Two former Labour elected representatives, Phil Woolas and Lutfur Rahman, have something in common. Both are from areas with histories of BNP activity fomenting racial strife. Both find themselves prevented from being a Labour candidate and excluded from the Labour Party, as a result of accusations of association with Islamic extremists. Both have supporters in the party who believe they have been treated harshly, as well as detractors who support their exclusion. And yet one is the accuser and the other the accused. One has been found guilty as charged and one has not, because no investigation has taken place.

Phil Woolas, in the opinion of Mr Justice Teare and Mr Justice Griffith Williams, as set out in paragraphs 64 to 104 of the court judgement, accused his Lib Dem opponent of wooing the votes of “extremist Muslims who advocated violence” and suggested that he was “willing to condone threats of violence“, including alleged death threats against the Labour candidate. In fact, the judgement was unconvinced even about the existence of death threats from any Muslim source (paragraphs 170 to 173), and concluded that Phil Woolas “had no reasonable grounds for believing (his accusations – Ed) were true and did not believe (they) were true.” Phil Woolas was not being tried for defamation, but the implication of this judgement is that he was guilty of it. Nor was he being tried for stirring up racial tensions, though Labour members (including some who believe he has been treated harshly by the election court) mnay well conclude from looking at his leaflets that he had. But he was judged by the Labour Party, as Harriet Harman said, on the basis of:

the facts that were found by the election court, which was that he said things that were untrue knowing it, and that is what we are taking action on – because it is not part of Labour’s politics for somebody to be telling lies to get themselves elected.

It is more difficult to analyse the accusations that were the basis of the Labour Party’s action against Lutfur Rahman, because they were not made public nor even disclosed to the accused. Labour’s national executive had no notice of them when it took its decision, had only 15 minutes to read them (although they had been received at least several days before)  before voting on recommendations which were presented only verbally. However, even Rahman’s sternest critics admit the so-called “Abbas dossier” might be pretty weak. According to NEC member, Christine Shawcroft, they amounted to allegations made months earlier by Andrew Gilligan and allegations about membership application and voting irregularities (in spite of the fact that Regional Officers had been been responsible for scrutinising these).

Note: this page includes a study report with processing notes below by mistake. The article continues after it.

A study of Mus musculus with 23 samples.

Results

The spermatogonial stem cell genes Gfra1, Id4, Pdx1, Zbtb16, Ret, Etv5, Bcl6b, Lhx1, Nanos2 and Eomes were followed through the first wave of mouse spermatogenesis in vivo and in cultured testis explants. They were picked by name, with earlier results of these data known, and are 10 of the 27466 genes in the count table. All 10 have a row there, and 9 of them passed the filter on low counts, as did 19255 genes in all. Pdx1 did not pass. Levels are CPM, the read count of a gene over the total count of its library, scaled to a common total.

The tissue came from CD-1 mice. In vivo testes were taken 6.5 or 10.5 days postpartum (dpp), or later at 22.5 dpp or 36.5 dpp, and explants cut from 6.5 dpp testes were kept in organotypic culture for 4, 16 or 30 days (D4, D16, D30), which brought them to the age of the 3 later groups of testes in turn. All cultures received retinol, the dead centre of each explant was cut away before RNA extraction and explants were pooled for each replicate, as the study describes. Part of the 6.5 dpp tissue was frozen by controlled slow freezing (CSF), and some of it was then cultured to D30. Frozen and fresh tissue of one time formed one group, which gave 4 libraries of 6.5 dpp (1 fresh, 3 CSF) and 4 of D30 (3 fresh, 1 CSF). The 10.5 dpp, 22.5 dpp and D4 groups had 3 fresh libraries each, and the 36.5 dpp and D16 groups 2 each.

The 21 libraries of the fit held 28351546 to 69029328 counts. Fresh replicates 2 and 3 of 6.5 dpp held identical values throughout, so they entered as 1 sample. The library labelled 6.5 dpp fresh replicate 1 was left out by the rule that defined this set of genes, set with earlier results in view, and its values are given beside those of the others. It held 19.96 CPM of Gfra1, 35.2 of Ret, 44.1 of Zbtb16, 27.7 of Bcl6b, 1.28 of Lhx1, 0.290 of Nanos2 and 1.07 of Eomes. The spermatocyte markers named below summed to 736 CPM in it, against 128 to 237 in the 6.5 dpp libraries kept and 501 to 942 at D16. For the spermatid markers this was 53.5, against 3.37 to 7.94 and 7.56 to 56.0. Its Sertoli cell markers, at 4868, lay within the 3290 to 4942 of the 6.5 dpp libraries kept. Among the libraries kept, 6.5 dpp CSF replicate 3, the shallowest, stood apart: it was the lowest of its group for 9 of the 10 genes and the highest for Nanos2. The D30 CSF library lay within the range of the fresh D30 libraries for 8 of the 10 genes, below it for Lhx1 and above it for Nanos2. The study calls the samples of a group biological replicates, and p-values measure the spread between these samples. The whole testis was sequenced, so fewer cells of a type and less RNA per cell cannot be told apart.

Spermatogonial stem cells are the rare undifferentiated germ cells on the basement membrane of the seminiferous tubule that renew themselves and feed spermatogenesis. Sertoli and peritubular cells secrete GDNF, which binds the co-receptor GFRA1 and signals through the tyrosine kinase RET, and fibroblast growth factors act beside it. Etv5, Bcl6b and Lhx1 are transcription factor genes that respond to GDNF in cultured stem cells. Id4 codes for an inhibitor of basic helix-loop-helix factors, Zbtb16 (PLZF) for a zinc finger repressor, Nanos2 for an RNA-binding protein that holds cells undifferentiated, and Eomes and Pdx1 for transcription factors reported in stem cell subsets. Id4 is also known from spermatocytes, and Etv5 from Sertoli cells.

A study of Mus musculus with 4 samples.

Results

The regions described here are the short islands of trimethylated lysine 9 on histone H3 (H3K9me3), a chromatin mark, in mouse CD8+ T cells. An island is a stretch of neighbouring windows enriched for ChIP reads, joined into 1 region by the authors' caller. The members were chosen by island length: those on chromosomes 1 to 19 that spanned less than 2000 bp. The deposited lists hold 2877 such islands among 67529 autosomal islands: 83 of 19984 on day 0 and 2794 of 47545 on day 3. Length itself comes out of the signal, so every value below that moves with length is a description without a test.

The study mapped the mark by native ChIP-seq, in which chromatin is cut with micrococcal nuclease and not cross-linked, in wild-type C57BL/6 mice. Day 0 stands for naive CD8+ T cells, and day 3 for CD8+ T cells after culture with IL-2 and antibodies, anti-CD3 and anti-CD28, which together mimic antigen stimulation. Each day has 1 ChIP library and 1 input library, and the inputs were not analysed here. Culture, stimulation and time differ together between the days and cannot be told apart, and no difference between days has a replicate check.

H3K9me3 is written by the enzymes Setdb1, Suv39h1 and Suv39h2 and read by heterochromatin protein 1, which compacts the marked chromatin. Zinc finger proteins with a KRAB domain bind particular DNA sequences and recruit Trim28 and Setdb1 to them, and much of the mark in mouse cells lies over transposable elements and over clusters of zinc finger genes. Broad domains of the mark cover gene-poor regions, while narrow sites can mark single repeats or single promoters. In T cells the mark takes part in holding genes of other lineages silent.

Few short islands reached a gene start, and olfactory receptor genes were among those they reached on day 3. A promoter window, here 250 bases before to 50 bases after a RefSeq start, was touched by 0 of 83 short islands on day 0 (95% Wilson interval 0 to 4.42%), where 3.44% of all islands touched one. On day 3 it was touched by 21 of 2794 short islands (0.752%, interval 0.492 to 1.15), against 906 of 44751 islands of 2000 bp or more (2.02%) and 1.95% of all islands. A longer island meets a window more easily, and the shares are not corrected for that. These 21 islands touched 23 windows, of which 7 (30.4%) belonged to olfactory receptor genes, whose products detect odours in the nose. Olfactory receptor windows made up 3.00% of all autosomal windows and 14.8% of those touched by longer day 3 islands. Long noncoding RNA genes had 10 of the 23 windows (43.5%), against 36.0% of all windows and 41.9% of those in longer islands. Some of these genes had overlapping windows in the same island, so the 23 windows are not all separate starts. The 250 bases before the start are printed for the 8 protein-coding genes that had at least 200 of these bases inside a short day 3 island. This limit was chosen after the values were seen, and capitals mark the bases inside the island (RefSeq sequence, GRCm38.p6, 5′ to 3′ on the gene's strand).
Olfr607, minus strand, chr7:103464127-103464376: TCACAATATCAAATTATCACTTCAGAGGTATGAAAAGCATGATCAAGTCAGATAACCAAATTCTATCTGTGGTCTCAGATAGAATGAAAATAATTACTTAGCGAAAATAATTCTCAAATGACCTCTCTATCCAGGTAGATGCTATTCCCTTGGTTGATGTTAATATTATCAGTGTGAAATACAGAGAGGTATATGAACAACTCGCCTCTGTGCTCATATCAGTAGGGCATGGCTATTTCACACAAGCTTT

The most serious allegations are therefore likely to be those made by Andrew Gilligan in his various columns or in the Channel 4 Dispatches programme that he made. Mr Gilligan is no friend of the Labour Party, having worked at the Spectator, London Standard and Telegraph since his sacking  from the BBC, and having run a vituperative campaign against Labour in London. He is also accused in the Guardian of “sockpuppeting”, namely “the act of creating a fake online identity to praise, defend or create the illusion of support for one’s self, allies or company” (as defined by the New York Times). His allegations have also become increasingly extreme of late, like his suggestion , described by the Guardian as “irresponsible”, that Tower Hamlets has become an “Islamic Republic” since Rahman’s election, inspiring American right-wing blogger, Pamela Geller, to describe Rahman as a “vile Islamic supremacist”. However, Gilligan’s specific allegations against Rahman in respect of Islamic “extremism” amount to very little – guilt by association at best. Readers may judge for themselves in the transcript of the Dispatches programme, described by the Guardian as “a TV documentary of questionable worth“.

The point about the accusations against Lutfur Rahman is that they have not been properly investigated by an independent person. Whether or not he has excluded himself from membership of the party, he is entitled to have those accusations investigated. And if they are rejected, he, and those of his supporters who have also been excluded, are entitled to a pathway back to the Labour Party. That is the ay to reunite the party and the community in Tower Hamlets.